We are two-thirds of the way through summer, maybe in late September cooler nights and maybe mornings will begin to creep into our area. Our community received rain last weekend and perked everything up.

Weeds are growing magnificently; towers of morning glory vines twirl around each other and reach up to larger plants for support, they can totally smother out the support plant. 

Goldenrod is growing tall, preparing for fall bloom. Autumn ageratum, Eupatorium rugosum, the fall-flowering, blue floss-flower grows along fields, ditches and dry roadside banks and produces clusters of pretty blue flowers scattered over the tops of the perennial plants.

Many fence rows are topped by an annual vine that produces pretty flowers, small bright red trumpets that are loved by hummingbirds. The vines have recently started blooming and are already setting seed. They produce a prodigious amount of seed always insuring there will be an abundant crop of the vines next year. Cardinal vines are friendly to other pollinators also.

This is a good time of the season to take cuttings from shrubs to root. Hydrangeas are beautiful shrubs that usually root easily. 

Don’t expect every cutting to survive. Cut a four-inch stem at the tip of growth, remove all lower leaves, cut the growing tip off the cutting, leaving about a three-inch cutting with two to three leaves at the top. Dip cutting base in rooting hormone if desired, place in damp soil, keep damp and shaded for a month, then check to see if cuttings are starting to grow. 

If able gently spray cuttings often with mist from your hose. Nurseries build spray houses where plants are misted at timed intervals through the day.

Many shrubs can be reproduced this way: Bride’s wreath, azaleas, camellias, deutzia, gardenias, roses, boxwoods, aucuba, jacobina, hibiscus and many more cuttings taken now will root from the semi-soft or semi-green wood on shrubs at this stage of their growth. If the cutting has large leaves that will lose a lot of water, cut the leaves in half to decrease the demand on the cutting.

Check on Thanksgiving and Christmas cactus; they have sat unnoticed all spring and summer, now they will begin to prepare to bloom when winter days will be at their shortest. Add fresh soil to replace what may have washed out through summer, begin to feed every two weeks to make a strong plant. 

In October, you can switch to a bloom buster formula with a high middle number, phosphorus, which boosts flowering in mature plants and root growth in seedlings and transplants.

The Garden Center will be holding a Christmas Flower Show in early December, if you have plants that look good at that time, you might want to keep the flower show in mind and keep the plants well groomed, fed and watered. More information closer to the date.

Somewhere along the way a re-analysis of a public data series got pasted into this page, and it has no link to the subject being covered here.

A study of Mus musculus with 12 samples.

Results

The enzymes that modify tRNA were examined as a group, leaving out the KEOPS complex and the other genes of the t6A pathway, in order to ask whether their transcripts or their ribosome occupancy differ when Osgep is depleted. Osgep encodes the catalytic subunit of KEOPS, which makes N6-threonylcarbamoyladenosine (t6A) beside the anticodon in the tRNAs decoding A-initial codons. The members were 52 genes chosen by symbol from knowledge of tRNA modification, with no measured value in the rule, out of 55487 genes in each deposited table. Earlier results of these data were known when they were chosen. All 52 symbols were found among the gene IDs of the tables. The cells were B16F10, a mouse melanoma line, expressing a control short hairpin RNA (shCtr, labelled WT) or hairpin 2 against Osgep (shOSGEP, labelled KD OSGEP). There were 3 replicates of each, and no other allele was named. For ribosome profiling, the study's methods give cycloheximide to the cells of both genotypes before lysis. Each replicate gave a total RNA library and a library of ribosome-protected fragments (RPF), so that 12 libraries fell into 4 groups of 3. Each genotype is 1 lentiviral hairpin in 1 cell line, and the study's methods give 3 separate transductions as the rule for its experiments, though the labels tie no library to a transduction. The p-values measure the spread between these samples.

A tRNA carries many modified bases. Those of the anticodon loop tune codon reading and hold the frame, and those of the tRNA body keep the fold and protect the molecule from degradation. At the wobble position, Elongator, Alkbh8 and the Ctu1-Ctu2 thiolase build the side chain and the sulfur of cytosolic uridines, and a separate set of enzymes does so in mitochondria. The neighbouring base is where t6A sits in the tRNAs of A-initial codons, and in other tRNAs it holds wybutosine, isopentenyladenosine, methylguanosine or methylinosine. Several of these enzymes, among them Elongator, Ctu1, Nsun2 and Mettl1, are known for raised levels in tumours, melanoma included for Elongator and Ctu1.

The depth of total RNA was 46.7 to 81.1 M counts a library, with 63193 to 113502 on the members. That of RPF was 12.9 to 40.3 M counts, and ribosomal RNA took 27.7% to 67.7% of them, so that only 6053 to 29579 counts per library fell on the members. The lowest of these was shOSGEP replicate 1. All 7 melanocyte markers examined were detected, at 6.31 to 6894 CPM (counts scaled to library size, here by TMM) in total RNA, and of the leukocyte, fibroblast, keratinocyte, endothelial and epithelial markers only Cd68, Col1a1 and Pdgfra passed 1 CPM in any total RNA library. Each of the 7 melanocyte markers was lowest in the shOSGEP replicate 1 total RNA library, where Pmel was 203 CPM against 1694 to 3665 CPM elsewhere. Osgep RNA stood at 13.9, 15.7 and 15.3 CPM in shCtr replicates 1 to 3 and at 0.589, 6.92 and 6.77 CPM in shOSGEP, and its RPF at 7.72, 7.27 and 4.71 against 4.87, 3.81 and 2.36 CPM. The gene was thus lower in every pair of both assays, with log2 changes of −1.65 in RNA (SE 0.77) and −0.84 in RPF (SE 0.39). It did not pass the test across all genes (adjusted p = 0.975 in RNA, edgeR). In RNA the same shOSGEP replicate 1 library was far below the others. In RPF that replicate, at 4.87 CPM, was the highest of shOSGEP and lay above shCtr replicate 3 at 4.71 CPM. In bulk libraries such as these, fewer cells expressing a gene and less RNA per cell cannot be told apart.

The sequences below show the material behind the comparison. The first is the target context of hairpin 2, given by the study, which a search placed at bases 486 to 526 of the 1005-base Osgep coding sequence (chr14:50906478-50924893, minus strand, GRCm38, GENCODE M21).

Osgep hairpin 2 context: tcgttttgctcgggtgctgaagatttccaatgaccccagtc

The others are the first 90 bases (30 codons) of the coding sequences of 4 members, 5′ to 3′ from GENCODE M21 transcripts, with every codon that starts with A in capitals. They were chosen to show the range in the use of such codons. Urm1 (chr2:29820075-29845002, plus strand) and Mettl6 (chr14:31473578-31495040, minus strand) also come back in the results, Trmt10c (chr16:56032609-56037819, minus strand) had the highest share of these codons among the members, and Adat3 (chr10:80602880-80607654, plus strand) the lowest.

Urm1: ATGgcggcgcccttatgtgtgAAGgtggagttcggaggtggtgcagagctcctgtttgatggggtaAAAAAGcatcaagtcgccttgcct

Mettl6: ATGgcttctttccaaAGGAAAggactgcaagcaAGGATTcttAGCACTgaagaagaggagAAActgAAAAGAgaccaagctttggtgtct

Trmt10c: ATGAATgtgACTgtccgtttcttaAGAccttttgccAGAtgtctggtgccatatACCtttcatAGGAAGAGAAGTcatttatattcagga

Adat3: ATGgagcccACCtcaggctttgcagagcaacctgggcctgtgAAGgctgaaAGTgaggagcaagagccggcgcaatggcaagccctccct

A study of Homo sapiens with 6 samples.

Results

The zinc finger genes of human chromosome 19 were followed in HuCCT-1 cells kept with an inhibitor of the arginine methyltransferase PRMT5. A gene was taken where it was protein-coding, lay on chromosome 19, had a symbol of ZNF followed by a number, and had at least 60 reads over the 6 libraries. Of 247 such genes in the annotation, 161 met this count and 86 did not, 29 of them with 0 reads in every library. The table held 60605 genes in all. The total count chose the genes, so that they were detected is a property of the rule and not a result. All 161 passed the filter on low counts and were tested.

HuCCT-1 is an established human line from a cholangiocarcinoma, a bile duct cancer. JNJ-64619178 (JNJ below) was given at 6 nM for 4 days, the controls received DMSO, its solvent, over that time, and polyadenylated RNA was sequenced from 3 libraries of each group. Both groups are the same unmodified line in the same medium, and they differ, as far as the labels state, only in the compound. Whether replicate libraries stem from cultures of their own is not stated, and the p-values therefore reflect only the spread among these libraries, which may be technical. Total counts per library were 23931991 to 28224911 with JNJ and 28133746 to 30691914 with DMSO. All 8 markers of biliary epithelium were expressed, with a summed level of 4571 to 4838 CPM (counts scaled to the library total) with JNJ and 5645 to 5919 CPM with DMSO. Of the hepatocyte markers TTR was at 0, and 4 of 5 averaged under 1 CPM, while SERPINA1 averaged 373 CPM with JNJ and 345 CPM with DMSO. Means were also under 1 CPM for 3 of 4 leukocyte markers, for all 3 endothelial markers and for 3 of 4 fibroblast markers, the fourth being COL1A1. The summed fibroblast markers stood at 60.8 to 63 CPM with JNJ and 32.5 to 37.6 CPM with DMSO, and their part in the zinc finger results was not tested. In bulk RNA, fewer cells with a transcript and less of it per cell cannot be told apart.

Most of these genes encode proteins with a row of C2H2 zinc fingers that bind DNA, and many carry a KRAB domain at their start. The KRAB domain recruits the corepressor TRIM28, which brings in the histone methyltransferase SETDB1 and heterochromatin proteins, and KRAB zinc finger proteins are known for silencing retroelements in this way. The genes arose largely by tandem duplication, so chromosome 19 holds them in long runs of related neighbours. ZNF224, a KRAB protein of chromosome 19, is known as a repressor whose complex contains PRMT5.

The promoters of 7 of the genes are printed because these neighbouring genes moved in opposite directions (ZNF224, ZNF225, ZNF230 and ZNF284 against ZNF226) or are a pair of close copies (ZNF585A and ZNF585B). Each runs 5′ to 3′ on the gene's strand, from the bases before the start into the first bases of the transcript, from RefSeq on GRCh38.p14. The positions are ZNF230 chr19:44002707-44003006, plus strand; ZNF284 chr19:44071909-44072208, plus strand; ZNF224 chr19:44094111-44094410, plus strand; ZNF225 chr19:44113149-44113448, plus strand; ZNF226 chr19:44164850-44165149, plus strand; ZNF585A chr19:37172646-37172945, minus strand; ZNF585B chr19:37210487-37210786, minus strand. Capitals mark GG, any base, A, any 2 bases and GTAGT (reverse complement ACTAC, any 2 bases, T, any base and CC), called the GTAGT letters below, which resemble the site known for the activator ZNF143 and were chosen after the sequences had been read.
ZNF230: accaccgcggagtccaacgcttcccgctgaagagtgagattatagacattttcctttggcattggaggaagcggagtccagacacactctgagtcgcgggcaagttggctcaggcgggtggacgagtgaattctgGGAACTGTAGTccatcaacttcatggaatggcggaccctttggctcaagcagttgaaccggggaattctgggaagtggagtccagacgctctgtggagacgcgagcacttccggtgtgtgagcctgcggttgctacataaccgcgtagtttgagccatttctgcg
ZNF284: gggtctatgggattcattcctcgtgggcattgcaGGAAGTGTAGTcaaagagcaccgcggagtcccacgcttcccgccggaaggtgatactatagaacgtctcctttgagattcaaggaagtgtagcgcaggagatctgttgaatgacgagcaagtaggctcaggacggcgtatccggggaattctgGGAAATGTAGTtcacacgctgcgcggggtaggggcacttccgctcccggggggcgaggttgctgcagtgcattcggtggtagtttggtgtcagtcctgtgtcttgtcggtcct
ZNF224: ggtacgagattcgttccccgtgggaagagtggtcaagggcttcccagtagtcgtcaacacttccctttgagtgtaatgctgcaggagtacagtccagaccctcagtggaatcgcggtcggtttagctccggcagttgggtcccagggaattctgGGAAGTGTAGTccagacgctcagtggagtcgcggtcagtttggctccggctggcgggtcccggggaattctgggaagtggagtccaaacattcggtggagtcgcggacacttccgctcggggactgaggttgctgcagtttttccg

Keep blooming flowers deadheaded to keep new blooms coming as the plant will know it has not made seed yet and will keep trying. 

After perennial flowers complete their bloom cycle; trim away dead or woody stems and maybe a light trim all over, feed and let it recover from the energy-loss used to flower, so it will be ready next year to bloom again.

Summer phlox, Phlox paniculata, is beautiful with their tall stems of foliage topped by large clusters of small flowers that almost form a sphere there are so many flowers. Butterflies, moths and hummingbirds like phlox due to the many nectar-producing flowers so close together.

Phlox are perennial, long-lived and have few pests. They may develop mildew in hot dry weather, especially if they are not getting good air flow. A baking soda and water spray will kill mildew if noticed in early stages. They slowly spread over time, but they are not invasive. 

A lilac-purple color is very common and white is available. Different colors can be ordered from nurseries, but I have never had any luck with the blue or pink ones, they just died off the second year.

This year I cut one bed back to three feet or below, about June, to see if they would flower as well as the ones not pruned. The cut ones have bloomed as well as the uncut area and have not blown over in wind or rain. 

I also whacked back swamp flower, Helianthus gigantea, as they will grow to 12 feet or over and fall over on lower plants, smothering them while waiting for their bloom time to arrive. The swamp sunflower is already head-high again so the pruning just seemed to stimulate them. 

These plants can be invasive and spread by aggressive under-ground stolens, so never plant them near flower beds or anywhere they can’t be controlled. They are great for naturalizing in a spot away from your gardens, but where their bright yellow daisy-like flowers can be enjoyed.

I am out of space and want to share a photo of phlox. See you next week.

 Susan Grooms is a Lowndes County resident.